Independent international team observing Somaliland’s May 31 2021 parliamentary and local council elections launches final report


London/Hargeisa, 1 November 2021

The elections marked an important moment for democracy in Somaliland: after
significant delays to both polls, they marked the first time that national and local
elections have been held together
Says Professor Michael Walls of DPU, Chief Observer on the mission:
“While these elections represent democratic progress, they were held 11 years after
the originally envisaged expiration of the parliamentary term, and more than three
years after council elections were due. It is good news that they were peaceful and
accepted as credible by stakeholders. However, uniquely in Africa, not a single
woman was elected to Parliament. This is a serious democratic deficit, even marking
a step backwards from past, already low, levels of female representation. While it is
cause for celebration that Somaliland has continued to hold elections, it is also time
to focus on seeking ways to strengthen the procedures in place for the next poll, due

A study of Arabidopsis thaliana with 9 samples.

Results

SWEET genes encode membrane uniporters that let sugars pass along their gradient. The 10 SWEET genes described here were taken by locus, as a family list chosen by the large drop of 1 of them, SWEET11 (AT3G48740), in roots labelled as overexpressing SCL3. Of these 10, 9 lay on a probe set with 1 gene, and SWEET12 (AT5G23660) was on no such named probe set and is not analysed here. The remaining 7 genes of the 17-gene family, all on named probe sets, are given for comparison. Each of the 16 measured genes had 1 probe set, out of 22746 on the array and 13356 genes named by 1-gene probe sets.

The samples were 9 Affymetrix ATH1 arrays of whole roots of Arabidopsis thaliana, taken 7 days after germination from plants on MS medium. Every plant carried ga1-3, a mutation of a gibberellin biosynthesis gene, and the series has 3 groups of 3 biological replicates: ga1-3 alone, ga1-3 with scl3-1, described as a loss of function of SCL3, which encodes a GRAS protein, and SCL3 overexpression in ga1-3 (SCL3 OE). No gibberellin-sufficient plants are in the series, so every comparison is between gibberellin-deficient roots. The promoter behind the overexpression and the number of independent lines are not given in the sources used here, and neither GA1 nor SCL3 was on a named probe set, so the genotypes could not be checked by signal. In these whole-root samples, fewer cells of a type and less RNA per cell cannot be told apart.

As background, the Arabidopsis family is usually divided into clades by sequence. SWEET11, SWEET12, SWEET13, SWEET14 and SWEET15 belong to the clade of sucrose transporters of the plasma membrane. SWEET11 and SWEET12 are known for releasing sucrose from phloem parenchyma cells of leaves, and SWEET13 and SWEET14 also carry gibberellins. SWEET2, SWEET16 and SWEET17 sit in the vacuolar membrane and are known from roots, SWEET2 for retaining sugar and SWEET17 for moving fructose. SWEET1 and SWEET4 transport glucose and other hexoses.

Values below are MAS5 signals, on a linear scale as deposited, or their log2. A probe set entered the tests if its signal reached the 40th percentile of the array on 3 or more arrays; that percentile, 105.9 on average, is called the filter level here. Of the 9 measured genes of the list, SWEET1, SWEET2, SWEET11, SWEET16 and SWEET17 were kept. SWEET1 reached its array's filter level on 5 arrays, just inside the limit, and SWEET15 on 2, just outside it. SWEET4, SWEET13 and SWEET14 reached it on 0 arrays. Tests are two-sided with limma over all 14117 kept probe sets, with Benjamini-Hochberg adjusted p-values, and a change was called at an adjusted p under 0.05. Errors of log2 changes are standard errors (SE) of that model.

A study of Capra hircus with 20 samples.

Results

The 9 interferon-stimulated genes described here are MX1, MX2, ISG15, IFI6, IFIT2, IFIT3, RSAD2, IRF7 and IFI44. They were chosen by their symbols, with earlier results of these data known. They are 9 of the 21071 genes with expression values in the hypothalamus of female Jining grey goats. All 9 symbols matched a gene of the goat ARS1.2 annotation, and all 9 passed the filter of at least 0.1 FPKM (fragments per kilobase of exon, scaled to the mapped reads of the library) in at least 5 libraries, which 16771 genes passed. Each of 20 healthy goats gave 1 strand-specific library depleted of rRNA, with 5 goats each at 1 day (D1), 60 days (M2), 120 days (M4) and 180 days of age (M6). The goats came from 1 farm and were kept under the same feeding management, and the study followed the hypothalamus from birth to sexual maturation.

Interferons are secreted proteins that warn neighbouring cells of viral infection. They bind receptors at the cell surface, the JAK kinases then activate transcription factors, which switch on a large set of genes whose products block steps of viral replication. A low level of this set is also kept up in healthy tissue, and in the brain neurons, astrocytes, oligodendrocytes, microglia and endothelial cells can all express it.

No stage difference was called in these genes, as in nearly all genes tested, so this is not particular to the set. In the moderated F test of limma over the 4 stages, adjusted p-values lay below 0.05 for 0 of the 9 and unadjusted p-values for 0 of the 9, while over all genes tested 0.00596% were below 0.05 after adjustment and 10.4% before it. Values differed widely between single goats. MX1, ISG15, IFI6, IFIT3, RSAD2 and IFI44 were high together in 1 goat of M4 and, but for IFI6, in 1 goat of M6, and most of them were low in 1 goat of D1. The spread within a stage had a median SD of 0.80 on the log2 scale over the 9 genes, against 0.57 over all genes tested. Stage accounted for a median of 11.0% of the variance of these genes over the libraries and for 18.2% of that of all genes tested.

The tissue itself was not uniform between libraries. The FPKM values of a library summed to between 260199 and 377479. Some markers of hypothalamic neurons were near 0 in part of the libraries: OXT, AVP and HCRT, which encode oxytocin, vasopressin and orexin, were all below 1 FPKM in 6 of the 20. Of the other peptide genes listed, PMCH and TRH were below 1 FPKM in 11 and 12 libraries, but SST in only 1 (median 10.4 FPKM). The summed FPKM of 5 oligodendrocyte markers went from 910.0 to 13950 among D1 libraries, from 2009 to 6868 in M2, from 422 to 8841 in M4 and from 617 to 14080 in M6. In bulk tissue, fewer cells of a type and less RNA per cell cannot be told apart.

in 2022 and those that take place after that.”
The elections, which occurred under the challenging circumstances of the Covid-19
pandemic, and under Somaliland’s consolidated General Law for National Elections
and Voters’ Registration, represented progress along Somaliland’s democratic path.
There were many positives, notably the election of a member of a ‘minority’ clan to
parliament, the improved electoral law (albeit still with too much left to the discretion
of electoral and political authorities), and the fact that media coverage was generally
regarded as balanced and responsible. Importantly, election day itself and its
aftermath passed off peacefully, with Somalilanders once again turning out
enthusiastically to vote.
However, there are also aspects of the electoral process that require improvement to
reach international standards. The voter registration process in particular is
complicated and restrictive for voters and potential voters and, in the absence of a
census, cannot describe with precision what proportion of the possible electorate is
registered to vote.
Furthermore, the mission calls for three profound changes: reform of the restrictive
political system in which only three political parties are permitted to contest elections,
which severely curtails democratic representation; Somalilander-led legislative
measures to ensure female political representation; and political re-commitment to the
agreed constitutional electoral timetable so that future elections are held on time,
banishing the long tradition of electoral delay in Somaliland to the past.
The mission’s final report also makes a number of additional recommendations,
including enhancing voter education and the secrecy of voting, better training for
polling station staff, and an improved system for counting and tabulation of votes.